Class of 2012 is ready with life skills

By Joy Anderson, Guest Columnist

Would the class of 2012 please rise? Thank you. You may be seated. That felt great.

Well, here we are. Graduation. We’ve been counting down to this moment in our lives for the entire year. I have to be honest; now that it’s here, I’m terrified.

Mortgage payments, what are those? How do you get a grass stain out? What “is” a balanced diet? There are so many things I don’t know yet. And while half of me wants to get out there and show the world what I’ve got, the other half wants my mom to do my hair and dad to read me a story. It’s overwhelming to realize that this is it.

This is the last time the class of 2012 will be together in this gym. This is the last moment that we will truly be a part of this high school. After spending six years in this building, with this faculty, with these friends, it boggles me to think that it’s over. This is all that we know and it has come to an end.

Why then, are we all sitting here so calmly? There are 57 people in front of me, about to make the biggest, “the most” critical change in their lives thus far, and yet no one is running screaming from the gym!

I’ve been pondering the answer to this strange phenomenon and I can only think of one: it is because we are ready. It is time. We have worked hard and learned much. Our wise parents and astute teachers have prepared us well for the future. “We have some life skills:

Thanks to the English department, we know how to write a resume and also a sad poem, should we need an emotional outlet. Thanks to our math teachers, we can balance our checkbooks — 0 plus 0 equals 0. We will comprehend what’s happening in the upcoming election, and we understand that we live in the United States of America, thank you Social Department. We can visit the river, thank you Mr. Schmitz. If nothing else, we remember frog legs, thank you Mr. Snyder.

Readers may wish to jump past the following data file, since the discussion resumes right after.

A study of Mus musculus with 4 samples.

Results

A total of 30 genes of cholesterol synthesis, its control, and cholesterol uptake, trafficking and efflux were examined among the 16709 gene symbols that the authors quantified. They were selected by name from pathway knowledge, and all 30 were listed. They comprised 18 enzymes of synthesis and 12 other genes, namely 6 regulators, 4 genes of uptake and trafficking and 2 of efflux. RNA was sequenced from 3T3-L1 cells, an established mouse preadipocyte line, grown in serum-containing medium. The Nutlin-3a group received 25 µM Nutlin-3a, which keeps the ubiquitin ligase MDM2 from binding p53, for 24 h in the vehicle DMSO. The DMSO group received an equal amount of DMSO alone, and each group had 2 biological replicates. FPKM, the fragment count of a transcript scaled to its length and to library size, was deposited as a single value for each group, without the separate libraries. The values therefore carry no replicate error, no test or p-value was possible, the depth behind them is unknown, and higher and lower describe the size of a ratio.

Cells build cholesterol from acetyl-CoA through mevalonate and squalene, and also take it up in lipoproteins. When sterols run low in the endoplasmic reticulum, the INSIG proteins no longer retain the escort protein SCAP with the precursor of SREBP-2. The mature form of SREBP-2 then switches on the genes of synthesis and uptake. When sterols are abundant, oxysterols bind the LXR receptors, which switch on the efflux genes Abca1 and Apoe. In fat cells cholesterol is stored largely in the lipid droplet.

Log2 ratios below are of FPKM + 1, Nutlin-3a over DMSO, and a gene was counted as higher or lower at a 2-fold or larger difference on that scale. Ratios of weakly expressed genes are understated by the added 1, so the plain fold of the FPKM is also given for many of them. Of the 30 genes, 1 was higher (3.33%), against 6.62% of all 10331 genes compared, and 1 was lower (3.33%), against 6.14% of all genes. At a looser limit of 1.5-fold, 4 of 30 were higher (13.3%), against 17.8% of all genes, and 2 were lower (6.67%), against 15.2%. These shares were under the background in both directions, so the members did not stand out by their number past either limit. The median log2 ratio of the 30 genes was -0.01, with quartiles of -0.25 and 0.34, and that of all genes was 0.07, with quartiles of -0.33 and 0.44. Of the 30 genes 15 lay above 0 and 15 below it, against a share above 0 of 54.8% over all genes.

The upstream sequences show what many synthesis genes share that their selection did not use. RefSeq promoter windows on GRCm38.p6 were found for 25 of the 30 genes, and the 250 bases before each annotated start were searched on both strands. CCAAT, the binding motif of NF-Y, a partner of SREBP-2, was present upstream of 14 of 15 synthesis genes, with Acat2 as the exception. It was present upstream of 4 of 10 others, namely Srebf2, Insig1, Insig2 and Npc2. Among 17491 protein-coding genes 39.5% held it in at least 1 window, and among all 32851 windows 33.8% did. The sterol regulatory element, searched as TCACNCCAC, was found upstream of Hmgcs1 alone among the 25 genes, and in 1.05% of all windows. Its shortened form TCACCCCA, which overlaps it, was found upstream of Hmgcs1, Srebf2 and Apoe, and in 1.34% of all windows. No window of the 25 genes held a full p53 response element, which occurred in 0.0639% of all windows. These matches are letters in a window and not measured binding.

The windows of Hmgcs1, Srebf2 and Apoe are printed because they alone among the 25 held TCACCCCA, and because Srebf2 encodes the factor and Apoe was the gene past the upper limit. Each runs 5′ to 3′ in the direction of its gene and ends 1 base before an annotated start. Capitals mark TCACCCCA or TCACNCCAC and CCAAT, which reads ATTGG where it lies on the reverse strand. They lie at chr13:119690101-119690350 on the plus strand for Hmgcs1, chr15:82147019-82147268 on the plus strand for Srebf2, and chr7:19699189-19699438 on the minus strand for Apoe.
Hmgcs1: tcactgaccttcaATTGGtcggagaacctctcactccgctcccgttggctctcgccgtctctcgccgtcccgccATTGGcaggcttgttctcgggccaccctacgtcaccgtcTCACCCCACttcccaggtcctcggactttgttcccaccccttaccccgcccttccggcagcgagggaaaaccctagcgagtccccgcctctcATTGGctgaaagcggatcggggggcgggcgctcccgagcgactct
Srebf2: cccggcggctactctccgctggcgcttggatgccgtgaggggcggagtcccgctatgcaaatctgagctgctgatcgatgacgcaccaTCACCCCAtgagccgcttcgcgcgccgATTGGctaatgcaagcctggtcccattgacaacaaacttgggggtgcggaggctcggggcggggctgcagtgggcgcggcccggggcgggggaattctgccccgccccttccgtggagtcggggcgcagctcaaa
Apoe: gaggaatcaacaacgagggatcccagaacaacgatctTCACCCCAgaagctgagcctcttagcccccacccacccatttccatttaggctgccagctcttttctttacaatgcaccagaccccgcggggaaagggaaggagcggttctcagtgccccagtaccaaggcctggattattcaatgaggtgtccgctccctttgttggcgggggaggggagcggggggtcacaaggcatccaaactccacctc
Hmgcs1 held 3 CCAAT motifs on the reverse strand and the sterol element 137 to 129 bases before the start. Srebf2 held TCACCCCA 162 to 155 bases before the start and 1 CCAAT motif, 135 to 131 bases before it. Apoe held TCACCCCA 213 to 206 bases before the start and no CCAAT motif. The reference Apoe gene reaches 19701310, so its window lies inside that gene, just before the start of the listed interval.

These skills are all we need to truly succeed in life. Well, you know, they’re a start. We can do this.

I wanted to end with some strong, unique, encouraging statement about moving from this place out into the world. The problem is, there is no such thing as a unique graduation statement. It has all been said before. But clichés become clichés for a reason; they contain a portion of truth that outlasts time.

We have all worked hard to get here. Today does mark the end of one chapter of our lives and the beginning of a brand new one. We really won’t remember our high school days, but we will remember so many high school moments.

But the best, the most perfect graduation statement, the one that sums it all up for everyone here comes from a commencement speech given by a renowned painter, Gary Bolding. “Fellow graduates, our families are very proud of us right now. They weren’t all together confident that we would ever make it through potty-training; so you can’t begin to imagine the enormity of their sense of relief today. Without question, today would be an extremely opportune time to ask for money.”

Joy Anderson is the salutatorian of her class and gave one of the commencement addresses at the Royalton High School graduation ceremony.